Ireland are exuding a quiet confidence that they can cause a stunning upset against New Zealand in Wellington on Saturday. In 20 attempts, stretching back over 103 years, the Irish have never beaten the All Blacks.
They have come close, most notably in 1992 and in 2006 after Munster had won their first Heineken Cup.
Munster reclaimed the continental crown last month and have a strong presence in the Ireland XV - seven of the eight forwards play for the Limerick-based province - while Magners League winners Leinster are also well represented.
Just two of Ireland's starting XV have missed out on silverware this season - Ulster duo Tommy Bowe and Paddy Wallace, who is named in place of the injured Luke Fitzgerald.
Add in the fact New Zealand are in a post-World Cup transitional period - with almost half the squad that travelled to France last year either retired, discarded or playing in the northern hemisphere and therefore not considered - and there is every reason for the Irish team to be buoyant.
"We feel if we get our game right we have as good a chance as ever," captain Brian O'Driscoll said after the team's final training session before the match at the Westpac Stadium.
"We genuinely felt we had a good chance last time round as well and capitulated a little after 60 minutes, particularly in the first Test.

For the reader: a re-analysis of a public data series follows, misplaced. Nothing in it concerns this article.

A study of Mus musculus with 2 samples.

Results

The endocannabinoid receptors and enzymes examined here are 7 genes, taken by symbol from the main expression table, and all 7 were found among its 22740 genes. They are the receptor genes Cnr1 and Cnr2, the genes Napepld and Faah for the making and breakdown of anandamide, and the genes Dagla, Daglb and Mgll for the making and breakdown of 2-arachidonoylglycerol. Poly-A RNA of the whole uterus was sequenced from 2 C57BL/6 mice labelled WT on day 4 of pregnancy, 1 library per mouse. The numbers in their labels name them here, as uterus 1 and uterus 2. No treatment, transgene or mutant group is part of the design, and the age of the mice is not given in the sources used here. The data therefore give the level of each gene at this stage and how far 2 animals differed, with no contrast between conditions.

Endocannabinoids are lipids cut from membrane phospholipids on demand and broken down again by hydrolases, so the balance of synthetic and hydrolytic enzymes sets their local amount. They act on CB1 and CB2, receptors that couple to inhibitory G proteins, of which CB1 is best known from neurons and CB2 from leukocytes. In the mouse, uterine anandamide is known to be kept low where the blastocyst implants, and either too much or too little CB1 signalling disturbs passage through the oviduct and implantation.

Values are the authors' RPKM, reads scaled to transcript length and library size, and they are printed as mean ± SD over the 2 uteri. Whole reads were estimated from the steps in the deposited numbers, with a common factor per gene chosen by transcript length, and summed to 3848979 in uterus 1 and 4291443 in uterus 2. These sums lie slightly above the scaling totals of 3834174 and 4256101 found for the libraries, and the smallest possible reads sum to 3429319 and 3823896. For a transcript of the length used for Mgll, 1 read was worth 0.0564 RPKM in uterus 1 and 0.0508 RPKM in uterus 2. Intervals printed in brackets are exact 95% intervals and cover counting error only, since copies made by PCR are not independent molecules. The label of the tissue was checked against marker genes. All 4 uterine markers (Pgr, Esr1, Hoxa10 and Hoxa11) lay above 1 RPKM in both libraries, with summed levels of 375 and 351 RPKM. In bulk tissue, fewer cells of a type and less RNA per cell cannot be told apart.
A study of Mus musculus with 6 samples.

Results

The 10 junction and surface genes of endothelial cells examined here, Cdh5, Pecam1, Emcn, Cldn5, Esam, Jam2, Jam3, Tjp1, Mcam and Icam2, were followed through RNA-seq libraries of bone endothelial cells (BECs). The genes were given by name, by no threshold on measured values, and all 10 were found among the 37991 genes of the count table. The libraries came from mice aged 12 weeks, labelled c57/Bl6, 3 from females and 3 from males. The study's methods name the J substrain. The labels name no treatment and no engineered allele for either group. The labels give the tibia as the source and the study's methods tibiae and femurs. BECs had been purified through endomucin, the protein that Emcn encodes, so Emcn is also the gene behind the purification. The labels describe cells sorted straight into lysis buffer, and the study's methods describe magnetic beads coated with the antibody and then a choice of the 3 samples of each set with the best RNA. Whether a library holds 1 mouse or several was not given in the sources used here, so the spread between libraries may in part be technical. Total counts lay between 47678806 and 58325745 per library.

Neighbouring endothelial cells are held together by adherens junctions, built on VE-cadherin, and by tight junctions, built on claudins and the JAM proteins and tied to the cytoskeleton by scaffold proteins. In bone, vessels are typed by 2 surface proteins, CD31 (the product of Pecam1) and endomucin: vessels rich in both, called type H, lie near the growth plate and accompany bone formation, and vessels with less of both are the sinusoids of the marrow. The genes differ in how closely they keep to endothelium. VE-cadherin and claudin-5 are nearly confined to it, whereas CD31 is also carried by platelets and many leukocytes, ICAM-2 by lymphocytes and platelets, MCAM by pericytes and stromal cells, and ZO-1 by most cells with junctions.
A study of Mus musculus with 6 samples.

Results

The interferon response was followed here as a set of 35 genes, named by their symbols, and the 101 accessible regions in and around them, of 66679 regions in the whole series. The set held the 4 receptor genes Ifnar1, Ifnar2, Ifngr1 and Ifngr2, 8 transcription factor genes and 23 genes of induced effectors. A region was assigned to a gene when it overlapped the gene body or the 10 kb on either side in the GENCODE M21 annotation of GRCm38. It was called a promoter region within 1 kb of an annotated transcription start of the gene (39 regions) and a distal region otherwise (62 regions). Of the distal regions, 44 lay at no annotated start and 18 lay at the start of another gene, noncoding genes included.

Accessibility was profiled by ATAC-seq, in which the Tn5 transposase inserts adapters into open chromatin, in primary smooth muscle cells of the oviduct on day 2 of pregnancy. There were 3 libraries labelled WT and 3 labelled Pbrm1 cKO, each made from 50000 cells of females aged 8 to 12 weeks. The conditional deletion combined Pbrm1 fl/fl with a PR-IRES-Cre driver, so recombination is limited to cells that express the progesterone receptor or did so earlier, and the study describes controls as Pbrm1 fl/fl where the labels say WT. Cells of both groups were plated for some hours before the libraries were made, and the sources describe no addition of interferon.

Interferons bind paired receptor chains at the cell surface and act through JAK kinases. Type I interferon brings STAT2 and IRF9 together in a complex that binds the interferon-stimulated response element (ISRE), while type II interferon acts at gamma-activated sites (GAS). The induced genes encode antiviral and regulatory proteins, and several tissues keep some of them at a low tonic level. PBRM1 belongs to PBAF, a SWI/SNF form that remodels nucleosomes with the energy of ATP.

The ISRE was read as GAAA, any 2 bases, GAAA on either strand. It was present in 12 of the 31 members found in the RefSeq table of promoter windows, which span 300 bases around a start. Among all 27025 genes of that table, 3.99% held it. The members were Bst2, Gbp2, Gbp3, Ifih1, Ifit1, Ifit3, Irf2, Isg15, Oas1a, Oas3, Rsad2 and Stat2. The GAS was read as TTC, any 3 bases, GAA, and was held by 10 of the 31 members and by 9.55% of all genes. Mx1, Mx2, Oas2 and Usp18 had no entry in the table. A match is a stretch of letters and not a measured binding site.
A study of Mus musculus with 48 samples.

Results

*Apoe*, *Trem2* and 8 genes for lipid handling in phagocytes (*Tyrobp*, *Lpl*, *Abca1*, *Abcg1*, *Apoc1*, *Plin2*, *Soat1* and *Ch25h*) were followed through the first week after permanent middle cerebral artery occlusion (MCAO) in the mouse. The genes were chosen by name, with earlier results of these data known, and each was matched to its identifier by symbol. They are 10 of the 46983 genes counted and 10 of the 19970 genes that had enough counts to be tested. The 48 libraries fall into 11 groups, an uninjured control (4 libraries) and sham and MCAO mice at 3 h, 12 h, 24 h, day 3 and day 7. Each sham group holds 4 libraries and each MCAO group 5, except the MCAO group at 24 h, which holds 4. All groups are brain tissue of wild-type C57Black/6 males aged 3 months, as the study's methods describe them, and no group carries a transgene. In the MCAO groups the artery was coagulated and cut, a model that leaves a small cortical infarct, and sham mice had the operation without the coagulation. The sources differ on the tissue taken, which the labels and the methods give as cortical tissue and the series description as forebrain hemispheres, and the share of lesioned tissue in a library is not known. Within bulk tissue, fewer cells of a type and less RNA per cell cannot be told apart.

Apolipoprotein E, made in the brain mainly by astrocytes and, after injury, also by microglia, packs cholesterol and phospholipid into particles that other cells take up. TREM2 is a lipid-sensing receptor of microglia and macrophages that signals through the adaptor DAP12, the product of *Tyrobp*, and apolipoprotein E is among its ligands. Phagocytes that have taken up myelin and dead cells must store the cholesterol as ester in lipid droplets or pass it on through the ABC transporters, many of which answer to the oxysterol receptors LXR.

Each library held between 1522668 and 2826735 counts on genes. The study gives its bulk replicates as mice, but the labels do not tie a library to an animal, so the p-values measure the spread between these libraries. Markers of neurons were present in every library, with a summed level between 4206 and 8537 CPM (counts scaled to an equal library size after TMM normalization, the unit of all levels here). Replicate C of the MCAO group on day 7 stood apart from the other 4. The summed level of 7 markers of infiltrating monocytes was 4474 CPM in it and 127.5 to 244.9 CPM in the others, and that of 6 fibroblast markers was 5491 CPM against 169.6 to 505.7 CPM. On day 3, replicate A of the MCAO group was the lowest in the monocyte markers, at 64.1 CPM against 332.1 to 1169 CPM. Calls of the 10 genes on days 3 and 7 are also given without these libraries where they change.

"We feel as though we certainly have the firepower and the capabilities, it's just a matter of making sure we put out an 80 or 90 minute performance - whatever it takes."
The Irish have played down the loss of Fitzgerald, who has failed to overcome an ankle problem, which has yet again robbed fans of the chance to see the exciting youngster lining up alongside his captain.
The pair had been due to combine in the midfield against the Barbarians before tragic circumstances intervened.
But O'Driscoll, who missed the Barbarians match due to the death of a close friend, is confident the introduction of Wallace, who played at fly-half against the Baa-Baas, will not hinder Ireland.
In fact, the captain believes Wallace's versatility may give them an edge where the pair are expected to mix up their play rather than stick to traditional 12 and 13 roles.
"We have been mixing and matching," added O'Driscoll. "Paddy is a great footballer he's a great versatility to him. He can play 10, 12, 13 and full-back if needed.
"Being a footballer is being a footballer. Often it can just be a number on your back that you start off with, but you find yourself in various different positions around the phases. So I would think that's the way we'll be playing.
"The one thing is that Paddy is a great passer, a great guy at putting others into holes and hopefully he'll show some of the form that he did in the Baa-Baas game last week."
After Ireland's heroic big-game hunt of the Springboks and Scotland's six-try runaround of the Pumas, the challenge of engineering the most spectacular win of the autumn series now falls on Wales, writes Peter Jackson.